Abandoned cars re-emerge as water recedes on flood-hit road

Two cars that had to be abandoned following flooding on Green Lane at Thorpe End.

Two cars that had to be abandoned following flooding on Green Lane at Thorpe End. - Credit: Victoria Pertusa

This is the aftermath of flooding which hit a rural route on the outskirts of Norwich in recent days.

As water levels begin to fall in affected areas across the region, the damage to two cars that had to be abandoned on Green Lane, in Thorpe End, can be seen.

The vehicles, a dark grey Toyota Hybrid and a red Ford Focus have been under the railway bridge since before Christmas, following two rescues in as many days.

Whitney McKernan-Sullivan and her two sons were rescued by a stranger after she became stranded in high flood water returning home from a Christmas shopping on December 23.

Less than 24 hours later eye witnesses watched two people being pulled from a submerged car by a firefighter.  

Alex Emmerson, who witnessed the incident, said: "The firefighter was up to his neck in freezing cold water. I saw him start to scream to other firefighters, 'get you gear on'. He then called, 'are you alive?'

"I felt awful and was praying they were okay. The firefighter broke the window of the car and started pulling out this lady."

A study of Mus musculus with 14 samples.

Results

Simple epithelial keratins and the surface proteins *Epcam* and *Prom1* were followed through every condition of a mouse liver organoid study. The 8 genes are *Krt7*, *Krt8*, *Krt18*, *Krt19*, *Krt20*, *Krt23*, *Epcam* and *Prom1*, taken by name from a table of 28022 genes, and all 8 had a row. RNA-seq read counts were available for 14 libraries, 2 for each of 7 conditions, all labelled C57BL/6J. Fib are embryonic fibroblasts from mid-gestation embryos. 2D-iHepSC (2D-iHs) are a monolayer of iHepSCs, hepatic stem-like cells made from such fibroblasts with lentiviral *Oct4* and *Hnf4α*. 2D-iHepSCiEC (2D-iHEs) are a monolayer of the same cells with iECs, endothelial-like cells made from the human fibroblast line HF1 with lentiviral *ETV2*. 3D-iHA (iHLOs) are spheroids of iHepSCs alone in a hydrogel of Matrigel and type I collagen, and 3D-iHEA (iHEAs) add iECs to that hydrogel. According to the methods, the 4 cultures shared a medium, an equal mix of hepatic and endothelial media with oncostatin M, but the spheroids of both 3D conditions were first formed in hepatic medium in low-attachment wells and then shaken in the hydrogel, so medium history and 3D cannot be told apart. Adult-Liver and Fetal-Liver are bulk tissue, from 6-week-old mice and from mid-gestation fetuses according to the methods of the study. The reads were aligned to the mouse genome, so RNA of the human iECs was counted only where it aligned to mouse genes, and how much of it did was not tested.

The road remains close at both ends near the railway bridge of Green Lane, in Thorpe End.

The road remains close at both ends near the railway bridge of Green Lane, in Thorpe End. - Credit: Victoria Pertusa

But, head two miles up the road and the impact of flood water has been less severe, something equestrian centre owner Steve Small says he is grateful about.

Steve Small, of Great Oak Equestrian, said the business has been lucky during the recent heavy rain.

Steve Small, of Great Oak Equestrian, said the business has been lucky during the recent heavy rain. - Credit: Victoria Pertusa


The centre was badly affected by flood water last November, requiring pumps to remove water that had entered the stables and lost two washing machines in the process.

The heavy rain seen across Norfolk on Christmas Eve made moving a temporary portable cabin more difficult, but the site has otherwise been unaffected.

Mr Small said: "You go out and you see what's around you, the difference in a two mile radius.

"We have been really lucky. For us it has not been that bad."